Book Review: First Comes Love (Giffin)

First Comes Love

Author: Emily Giffin © 2016

Publisher: Ballantine Books

Genre: Women’s Fiction / Literary Fiction

Sub-genre: Sisters, Domestic Life, Literary

Reviewer: Sara

Book received by: Purchased on Amazon



Busy moms (and dads): From the book jacket blurb, this one held promise, but sadly I found my expectations went unfulfilled. I wish I could recommend this book with zeal, but for me, it fell flat. On the heels of the controversy over the love match in Ms. Giffin’s last book The One and Only, it’s a big improvement, but it doesn’t come close to the stories and characters she’s crafted in the past.

The plot held the most promise. Two sisters in a strained relationship after a family tragedy, both with unmet hopes and dreams for their lives, who have to reconcile their interpersonal differences and make changes to their individual lives to find their happiness. Then the details of the story and subplots happened.

The characters were introduced through a prologue, which included the family tragedy that alters the trajectory of everyone’s lives and their relationships. Big picture plot points: Each sister starts the book unhappy with elements of her respective life. The story arc follows them in their individual pursuit of happiness, and realization that their long-standing unhappiness is connected to the family tragedy from fifteen years prior. Each woman has her own issue to resolve regarding the loss so she can move on.

After the prologue, the story is told through the alternating POV of the sisters, Josie and Meredith. Through their actions and thoughts, both women are portrayed such that each seems superficial and narcissistic. Josie longs for marriage and motherhood but has no prospect in sight for the former, so begins investigating alternative options for the latter. Meredith is married and has a daughter, a part-time position with a law firm and a lot of dissatisfaction with her life. Through the course of the story, I found that both women managed to end up in a place very similar to where she began. Somehow, despite their lack of real growth or change, they were somehow beginning to finally move past the family tragedy, repair and appreciate their relationship as sisters. Ms. Giffin is skillful at taking a rather unlikable character, humanizing and giving her redeeming features (Darcy from the Something Borrowed and Something Blue books) so that readers will connect with root for them. I’m disappointed that didn’t happen for me through her development of Josie and Meredith. Perhaps one of the biggest hurdles for me was their individual hang-ups over the family tragedy. Life changing? Yes. Devastating? Without question. Life derailing? That aspect I’m not so sure about. Possible? Sure. To me, the way it was written, their tragedy caused damage a long ways into the future, and to an extreme I personally did not understand.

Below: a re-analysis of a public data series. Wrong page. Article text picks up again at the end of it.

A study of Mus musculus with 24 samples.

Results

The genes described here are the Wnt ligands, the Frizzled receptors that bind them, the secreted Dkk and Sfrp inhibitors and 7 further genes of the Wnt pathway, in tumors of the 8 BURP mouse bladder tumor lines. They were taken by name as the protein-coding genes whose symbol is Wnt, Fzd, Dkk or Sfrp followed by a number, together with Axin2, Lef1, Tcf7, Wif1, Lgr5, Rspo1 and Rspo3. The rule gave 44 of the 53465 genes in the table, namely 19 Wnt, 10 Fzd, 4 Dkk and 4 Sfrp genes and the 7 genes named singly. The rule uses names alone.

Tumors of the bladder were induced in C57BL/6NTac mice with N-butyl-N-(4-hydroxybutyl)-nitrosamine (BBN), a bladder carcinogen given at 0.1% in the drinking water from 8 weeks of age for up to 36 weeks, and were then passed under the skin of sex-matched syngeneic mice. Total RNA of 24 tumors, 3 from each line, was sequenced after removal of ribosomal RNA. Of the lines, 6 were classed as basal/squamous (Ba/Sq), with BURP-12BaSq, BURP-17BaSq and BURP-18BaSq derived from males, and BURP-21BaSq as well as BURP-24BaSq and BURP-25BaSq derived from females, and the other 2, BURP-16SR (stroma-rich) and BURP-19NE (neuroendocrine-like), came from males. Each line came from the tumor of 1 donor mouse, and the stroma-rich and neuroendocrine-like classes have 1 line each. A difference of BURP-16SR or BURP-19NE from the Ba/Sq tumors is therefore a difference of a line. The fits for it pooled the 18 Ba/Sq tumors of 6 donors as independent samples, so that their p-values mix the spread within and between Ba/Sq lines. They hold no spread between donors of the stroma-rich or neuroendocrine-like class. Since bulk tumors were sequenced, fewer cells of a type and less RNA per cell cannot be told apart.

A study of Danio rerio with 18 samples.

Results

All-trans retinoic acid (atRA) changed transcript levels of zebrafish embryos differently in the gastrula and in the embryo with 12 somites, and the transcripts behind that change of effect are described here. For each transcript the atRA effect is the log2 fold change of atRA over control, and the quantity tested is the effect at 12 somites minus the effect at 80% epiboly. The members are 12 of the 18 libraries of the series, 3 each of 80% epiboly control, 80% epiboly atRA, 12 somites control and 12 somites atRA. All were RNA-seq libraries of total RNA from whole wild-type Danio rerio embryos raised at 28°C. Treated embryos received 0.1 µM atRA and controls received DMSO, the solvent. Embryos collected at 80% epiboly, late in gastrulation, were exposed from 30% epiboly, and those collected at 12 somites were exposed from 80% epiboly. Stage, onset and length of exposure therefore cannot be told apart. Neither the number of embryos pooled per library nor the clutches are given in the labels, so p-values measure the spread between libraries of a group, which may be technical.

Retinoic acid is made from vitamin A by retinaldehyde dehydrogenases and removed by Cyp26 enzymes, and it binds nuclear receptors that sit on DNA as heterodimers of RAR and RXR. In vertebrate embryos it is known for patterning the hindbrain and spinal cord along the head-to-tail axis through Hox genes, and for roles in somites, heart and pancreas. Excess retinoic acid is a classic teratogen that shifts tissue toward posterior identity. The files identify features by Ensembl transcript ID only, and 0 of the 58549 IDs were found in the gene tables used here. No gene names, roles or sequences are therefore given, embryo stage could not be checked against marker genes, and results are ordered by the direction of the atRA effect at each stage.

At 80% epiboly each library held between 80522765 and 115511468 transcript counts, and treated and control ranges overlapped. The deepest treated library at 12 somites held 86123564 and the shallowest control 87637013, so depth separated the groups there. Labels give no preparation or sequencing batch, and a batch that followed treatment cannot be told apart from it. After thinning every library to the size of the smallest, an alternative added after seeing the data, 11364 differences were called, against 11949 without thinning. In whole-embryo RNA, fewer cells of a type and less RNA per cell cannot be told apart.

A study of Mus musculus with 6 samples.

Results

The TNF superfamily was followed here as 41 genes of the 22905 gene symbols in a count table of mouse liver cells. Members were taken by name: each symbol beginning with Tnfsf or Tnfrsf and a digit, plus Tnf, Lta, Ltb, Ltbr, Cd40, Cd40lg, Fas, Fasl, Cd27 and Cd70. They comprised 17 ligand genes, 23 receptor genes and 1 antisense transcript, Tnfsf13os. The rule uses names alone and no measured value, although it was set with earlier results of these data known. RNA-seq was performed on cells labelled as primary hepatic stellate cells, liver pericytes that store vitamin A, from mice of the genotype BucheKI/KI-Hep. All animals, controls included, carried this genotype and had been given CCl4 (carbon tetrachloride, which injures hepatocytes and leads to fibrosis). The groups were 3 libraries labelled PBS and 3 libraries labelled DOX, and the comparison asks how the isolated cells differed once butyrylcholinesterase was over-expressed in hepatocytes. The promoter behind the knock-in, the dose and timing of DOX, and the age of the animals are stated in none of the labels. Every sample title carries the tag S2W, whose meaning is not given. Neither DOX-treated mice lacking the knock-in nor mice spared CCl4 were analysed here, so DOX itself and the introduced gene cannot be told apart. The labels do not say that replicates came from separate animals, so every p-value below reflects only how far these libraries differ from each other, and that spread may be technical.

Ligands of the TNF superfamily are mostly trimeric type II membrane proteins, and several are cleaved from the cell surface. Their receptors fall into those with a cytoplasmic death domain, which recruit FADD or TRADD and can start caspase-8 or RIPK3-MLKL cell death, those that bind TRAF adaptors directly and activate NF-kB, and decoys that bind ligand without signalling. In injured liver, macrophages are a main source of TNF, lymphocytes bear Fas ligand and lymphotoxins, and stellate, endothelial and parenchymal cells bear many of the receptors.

All-in-all, the book is an easy read. Ms. Giffin is a talented writer and story-teller. I finished the book quickly in part because of this and in part because I was drawn the characters she created, and the change and connection I expected for both characters. There’s a fair amount of exposition in the book, typical of her style, but it’s polished and reads smoothly. The story, the challenges the women face in their efforts to find happiness and their struggles to overcome the repercussions from their shared tragedy will resonate with plenty of readers, I’m sure. I just don’t happen to be one of them.

Featured image: Hardback jacket cover
Book design: Victoria Wong


Have you read First Comes Love? How did you feel about the story arc for the two characters? Did their tragedy and reactions resonate with you?

Is First Comes Love on your “to-read” shelf? Have you read other books by Emily Giffin? Or similar women’s lit books you would recommend? Please share in the comments, I’m always on the lookout for new authors to try!